Nearly two years ago, I met a man named Erislandy, a Cuban pigeon racer who's known throughout Old Havana for dying his birds fluorescent colors. For Erislandy, and others in the country, racing and breeding pigeons can be a good way to make money. (Once your bird starts winning races, for example, you can sell the champion's offspring to other racers.) Erislandy paints his animals primarily green and yellow to represent his home province. Plus, they're more identifiable this way—more luxurious, more eye-catching. He competes all year round. He participates in the picadero, which features 20 to 30 male pigeons pecking at one female pigeon to get her to mate (whoever she picks wins). And he competes in many of the 24 races hosted by the Federación Colombófila de Cuba, an organization that brings together more than 300 pigeon racers throughout the capital and beyond.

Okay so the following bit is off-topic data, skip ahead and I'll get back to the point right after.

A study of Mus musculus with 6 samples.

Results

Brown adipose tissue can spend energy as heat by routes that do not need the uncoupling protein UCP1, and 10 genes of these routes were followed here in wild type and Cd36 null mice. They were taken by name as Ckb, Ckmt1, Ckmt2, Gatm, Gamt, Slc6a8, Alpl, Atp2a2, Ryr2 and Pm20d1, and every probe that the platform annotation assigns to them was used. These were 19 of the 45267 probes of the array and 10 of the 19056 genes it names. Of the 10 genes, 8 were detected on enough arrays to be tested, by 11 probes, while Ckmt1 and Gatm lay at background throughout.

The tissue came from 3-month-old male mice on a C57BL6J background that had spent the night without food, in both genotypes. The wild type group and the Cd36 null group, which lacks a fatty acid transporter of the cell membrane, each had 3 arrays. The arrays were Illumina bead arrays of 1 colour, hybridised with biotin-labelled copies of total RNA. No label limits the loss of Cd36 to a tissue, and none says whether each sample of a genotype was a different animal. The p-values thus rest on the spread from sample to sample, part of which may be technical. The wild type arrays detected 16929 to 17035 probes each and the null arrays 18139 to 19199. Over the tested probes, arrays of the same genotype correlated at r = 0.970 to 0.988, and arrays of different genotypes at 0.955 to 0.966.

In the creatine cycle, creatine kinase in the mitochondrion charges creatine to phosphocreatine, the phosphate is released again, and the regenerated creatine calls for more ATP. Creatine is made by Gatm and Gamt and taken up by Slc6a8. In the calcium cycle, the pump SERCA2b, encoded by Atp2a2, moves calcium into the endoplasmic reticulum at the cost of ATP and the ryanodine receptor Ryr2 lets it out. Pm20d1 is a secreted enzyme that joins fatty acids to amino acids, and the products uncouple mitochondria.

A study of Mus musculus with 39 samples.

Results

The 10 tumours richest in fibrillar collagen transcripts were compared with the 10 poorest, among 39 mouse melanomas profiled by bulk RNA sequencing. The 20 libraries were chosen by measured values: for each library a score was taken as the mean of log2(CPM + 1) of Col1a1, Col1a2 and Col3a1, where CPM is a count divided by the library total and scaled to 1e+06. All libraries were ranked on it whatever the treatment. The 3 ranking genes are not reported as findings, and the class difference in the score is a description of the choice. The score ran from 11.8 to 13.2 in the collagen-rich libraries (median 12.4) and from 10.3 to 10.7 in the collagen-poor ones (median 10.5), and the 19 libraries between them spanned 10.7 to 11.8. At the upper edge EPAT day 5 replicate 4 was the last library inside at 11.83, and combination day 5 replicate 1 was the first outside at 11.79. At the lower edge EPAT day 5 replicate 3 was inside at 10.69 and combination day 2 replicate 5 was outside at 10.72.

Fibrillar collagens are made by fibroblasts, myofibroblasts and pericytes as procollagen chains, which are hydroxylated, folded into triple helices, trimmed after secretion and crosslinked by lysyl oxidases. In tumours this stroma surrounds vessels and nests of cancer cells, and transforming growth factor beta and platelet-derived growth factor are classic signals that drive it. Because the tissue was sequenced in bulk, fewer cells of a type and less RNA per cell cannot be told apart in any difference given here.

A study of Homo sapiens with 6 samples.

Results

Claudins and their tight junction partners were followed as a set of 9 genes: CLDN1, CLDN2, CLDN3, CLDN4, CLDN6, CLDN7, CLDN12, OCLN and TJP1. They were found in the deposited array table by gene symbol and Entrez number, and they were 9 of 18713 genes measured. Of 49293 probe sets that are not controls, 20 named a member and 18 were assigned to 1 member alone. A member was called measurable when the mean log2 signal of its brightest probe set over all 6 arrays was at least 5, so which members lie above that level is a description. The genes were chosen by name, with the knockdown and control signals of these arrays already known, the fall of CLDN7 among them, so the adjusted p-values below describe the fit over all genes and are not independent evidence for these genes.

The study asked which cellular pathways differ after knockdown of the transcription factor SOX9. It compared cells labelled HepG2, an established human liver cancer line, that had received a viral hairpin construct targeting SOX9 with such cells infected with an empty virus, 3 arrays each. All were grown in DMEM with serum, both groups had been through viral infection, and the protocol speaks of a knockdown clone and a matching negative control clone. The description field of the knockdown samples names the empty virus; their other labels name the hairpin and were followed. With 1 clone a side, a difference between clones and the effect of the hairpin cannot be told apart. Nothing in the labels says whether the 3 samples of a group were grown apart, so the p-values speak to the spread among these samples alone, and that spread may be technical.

I was lucky enough to witness one of these races. People place their messenger pigeons all across Cuba, at different destination points, and then release them at the same time. Whichever bird returns home, with the greatest distance and time, is declared the winner. It's quite remarkable watching these pigeons. There's still uncertainty about how these creatures are even able to find their way back. Some believe they have some sort of "compass" in their brains. Either way, compass or not, a lot of them don't return. Unfortunately, some get lost or killed. Some die from exhaustion.
Along with watching the race, I spent a whole week with Erislandy, learning about his breeding and his life as a racer.
Below is a collection of photos from the time we spent together.
This article originally appeared on VICE US.